Project to add output important for U.S. firm
Bloomberg: Thursday, November 09, 2006

Devon Energy Corp., the biggest independent oil and natural-gas producer in the U.S, said costs to double output at an Alberta oilsands project may be about a third higher than the initial stage.

Adding daily output of 35,000 barrels a day by 2011 at its Jackfish project may cost $600 million Cdn to $750 million, the Oklahoma City-based company said in a filing with Alberta regulators.

The first phase cost about $550 million, said Chris Seasons, president of Devon’s Canadian unit.

“We are seeing some inflationary pressures for sure,” Seasons said in a telephone interview. The new estimate is “quite broad. Will it capture it? I hope so but I’m not 100 per cent confident of that.”

Devon’s increased estimate reflects rising labour costs as high prices spark a boom in projects to extract oil from Alberta’s oilsands deposits, Seasons said.

Spending of as much as $125 billion by Devon and others such as Royal Dutch Shell Plc will almost triple output from the oilsands to 3 million barrels a day by 2015, Canadian regulators have said.

Increased pipeline capacity to U.S. refineries has boosted demand and prices for Canadian heavy-oil output, blunting the impact of inflation on oilsands projects, said Mark Friesen, an analyst with Calgary brokerage FirstEnergy Capital Corp. Heavy oil sells at a discount, or differential, to light oil, because it costs more to refine heavy oil into fuels such as gasoline.

The reduced discount may allow Devon to recover most of the expansion’s increased cost within a year, said Friesen, who rates Devon’s shares as “outperform” and owns none.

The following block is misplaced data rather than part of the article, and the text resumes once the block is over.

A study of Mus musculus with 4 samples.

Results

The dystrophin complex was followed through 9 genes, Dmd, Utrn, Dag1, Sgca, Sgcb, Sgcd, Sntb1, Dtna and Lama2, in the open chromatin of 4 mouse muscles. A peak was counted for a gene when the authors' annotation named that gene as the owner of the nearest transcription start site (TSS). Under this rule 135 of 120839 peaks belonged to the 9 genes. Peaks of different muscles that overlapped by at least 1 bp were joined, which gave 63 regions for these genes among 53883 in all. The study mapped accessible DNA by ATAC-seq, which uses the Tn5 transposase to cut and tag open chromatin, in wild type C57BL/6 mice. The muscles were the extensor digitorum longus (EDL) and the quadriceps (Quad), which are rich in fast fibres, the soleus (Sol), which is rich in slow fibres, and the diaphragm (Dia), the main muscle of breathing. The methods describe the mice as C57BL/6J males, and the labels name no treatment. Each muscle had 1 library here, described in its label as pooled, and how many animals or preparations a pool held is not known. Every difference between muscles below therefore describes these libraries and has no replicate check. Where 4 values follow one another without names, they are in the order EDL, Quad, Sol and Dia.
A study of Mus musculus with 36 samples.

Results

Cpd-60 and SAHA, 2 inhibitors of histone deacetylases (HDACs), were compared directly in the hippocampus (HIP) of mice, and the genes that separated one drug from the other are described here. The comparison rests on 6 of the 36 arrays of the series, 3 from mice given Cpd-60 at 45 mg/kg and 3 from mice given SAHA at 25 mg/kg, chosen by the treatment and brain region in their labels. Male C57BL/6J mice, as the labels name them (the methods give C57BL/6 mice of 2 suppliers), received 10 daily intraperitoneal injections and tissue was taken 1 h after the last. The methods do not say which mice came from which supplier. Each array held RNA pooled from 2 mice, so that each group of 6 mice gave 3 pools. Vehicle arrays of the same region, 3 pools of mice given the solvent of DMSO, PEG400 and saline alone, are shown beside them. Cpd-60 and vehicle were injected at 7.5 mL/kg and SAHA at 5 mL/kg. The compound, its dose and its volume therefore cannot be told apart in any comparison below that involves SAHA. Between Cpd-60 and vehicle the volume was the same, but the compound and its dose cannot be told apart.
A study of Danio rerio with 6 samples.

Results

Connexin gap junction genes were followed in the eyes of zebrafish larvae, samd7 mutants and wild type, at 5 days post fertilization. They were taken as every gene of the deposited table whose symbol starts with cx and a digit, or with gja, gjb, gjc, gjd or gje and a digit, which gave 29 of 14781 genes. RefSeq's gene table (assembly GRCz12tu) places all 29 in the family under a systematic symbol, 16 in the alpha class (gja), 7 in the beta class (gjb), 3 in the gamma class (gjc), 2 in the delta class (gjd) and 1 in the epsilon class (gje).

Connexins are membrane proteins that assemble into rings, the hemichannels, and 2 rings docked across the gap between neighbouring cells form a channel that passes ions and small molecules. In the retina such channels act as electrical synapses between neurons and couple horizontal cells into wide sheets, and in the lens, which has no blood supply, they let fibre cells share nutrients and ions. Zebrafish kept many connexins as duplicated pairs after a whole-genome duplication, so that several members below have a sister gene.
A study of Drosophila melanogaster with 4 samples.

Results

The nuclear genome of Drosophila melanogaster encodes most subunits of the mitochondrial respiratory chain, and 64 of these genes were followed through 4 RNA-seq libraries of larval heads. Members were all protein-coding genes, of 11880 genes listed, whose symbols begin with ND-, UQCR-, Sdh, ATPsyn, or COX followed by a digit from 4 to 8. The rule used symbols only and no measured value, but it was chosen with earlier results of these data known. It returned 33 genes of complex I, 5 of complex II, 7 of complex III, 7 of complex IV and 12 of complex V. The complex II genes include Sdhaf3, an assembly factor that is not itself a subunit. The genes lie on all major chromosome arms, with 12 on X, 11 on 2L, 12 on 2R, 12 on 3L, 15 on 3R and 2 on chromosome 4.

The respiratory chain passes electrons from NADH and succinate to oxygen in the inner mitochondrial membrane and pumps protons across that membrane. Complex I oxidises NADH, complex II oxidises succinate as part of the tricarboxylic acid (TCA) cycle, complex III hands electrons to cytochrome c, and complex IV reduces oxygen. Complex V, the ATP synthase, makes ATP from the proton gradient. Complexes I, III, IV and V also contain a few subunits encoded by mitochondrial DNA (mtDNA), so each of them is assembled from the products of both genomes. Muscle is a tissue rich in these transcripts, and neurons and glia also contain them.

“Changes in the differential go a long way to offsetting the change in costs over the course of one year,” he said. “The rate of return probably improves in spite of the higher costs” because of the heavy-oil price differential.

Once regulatory approval is granted and cost estimates are finalized, Devon will consider sanctioning the expansion in 2007, Seasons said. The project could be deferred if rising costs mean the project won’t generate enough profit.

The expansion’s cost was pegged at $500 million in August 2005.

Each phase of Jackfish will develop recoverable reserves of more than 300 million barrels, he said. The project is located about 140 kilometres south of Fort McMurray.

Cost pressures on oilsands projects near Fort McMurray “are very, very high,” he said Tuesday. “Fort McMurray is like a world on its own.”

The first phase of Devon’s Jackfish is scheduled to begin production next year and reach capacity in 2008. Phase two aims to start construction in 2008 and production in 2010, according to an application submitted to Alberta’s energy regulator.

The two phases of Jackfish are expected to produce oil for several decades, according to the filing.

Devon’s daily output is equivalent to about 600,000 barrels of oil. Alberta’s oilsands deposits represent “a significant piece of our long-term strategy for the company,” Seasons said.

The decision to go ahead with projects like Jackfish isn’t “just based on one number,” he said. “Because of the context in which Devon is able to look at it and the range of metrics that they consider, it’s still an attractive project.”